D-backs sorting out new collision rule's effects

SCOTTSDALE, Ariz. -- D-backs manager Kirk Gibson and other team personnel were scheduled to be briefed by Major League Baseball officials Monday afternoon about the new rules banning egregious collisions at home plate.

"It's been a part of the game my whole life," Gibson said. "They have good intentions by changing the rule, or modifying the rule. If a catcher wants to block the plate and he's engaging, he's initiated that play. Hopefully it will still be part of what you can do. I worry about the runner being unprotected as well. It goes both ways."


"I think the idea is to prevent injuries without changing the integrity of the game," Ziegler said. "I think if a guy is trying hard to score and the catcher gets in the way with the ball there's still going to be some contact, because guys aren't going to chill with their adrenaline. Ideally, you get runners coming around third base and their focus doesn't become the catcher, it becomes the plate. How can I get to the plate? And let the umpire decide if the catcher is in their way without the ball or not."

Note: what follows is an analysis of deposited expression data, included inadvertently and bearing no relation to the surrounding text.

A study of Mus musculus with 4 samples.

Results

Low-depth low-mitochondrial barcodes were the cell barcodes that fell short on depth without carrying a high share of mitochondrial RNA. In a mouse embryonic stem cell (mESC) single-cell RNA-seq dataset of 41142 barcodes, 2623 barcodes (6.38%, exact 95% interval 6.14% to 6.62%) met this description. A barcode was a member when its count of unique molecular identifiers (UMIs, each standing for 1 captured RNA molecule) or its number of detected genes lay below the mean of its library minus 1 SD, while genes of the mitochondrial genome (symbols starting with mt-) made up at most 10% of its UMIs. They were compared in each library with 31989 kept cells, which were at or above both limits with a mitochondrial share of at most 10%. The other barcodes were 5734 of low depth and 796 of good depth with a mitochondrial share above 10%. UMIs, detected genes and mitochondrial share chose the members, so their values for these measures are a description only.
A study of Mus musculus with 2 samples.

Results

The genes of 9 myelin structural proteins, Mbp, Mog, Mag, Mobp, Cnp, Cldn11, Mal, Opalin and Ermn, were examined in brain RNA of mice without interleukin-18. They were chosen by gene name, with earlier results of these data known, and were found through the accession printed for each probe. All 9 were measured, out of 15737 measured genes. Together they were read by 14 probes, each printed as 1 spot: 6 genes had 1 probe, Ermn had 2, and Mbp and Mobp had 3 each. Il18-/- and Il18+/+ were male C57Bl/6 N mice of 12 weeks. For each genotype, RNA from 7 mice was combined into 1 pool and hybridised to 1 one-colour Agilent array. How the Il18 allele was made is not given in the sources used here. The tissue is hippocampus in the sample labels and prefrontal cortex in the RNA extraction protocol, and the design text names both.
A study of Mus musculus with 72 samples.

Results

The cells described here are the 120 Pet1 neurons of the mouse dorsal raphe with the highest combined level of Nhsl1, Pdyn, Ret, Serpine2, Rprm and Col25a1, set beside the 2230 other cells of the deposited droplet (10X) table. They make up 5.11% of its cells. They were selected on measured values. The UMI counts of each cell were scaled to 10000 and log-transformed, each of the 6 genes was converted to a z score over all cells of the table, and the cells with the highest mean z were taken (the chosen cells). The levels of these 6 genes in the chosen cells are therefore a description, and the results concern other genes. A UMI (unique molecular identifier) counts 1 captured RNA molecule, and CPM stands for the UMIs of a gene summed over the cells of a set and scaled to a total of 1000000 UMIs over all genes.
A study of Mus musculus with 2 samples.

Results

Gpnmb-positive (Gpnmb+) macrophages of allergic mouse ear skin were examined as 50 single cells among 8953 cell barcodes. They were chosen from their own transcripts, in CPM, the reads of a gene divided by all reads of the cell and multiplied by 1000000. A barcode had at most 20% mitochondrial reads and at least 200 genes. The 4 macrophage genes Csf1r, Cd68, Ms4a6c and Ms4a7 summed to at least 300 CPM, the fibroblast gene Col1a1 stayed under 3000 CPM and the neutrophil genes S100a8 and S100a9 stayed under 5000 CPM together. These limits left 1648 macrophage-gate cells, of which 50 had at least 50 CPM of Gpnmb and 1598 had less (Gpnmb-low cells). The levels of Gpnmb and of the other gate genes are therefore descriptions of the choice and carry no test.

D-backs catcher Miguel Montero, who has been a part of several collisions at the plate during his career, said he didn't see a need for any changes.

"I don't know what it's going to be all about, but if it's not collision, it's just sliding at the plate. It's just kind of boring," Montero said. "But it is what it is, and we have to adapt to it."

Steve Gilbert is a reporter for MLB.com. Read his blog, Inside the D-backs, and follow him on Twitter @SteveGilbertMLB. This story was not subject to the approval of Major League Baseball or its clubs.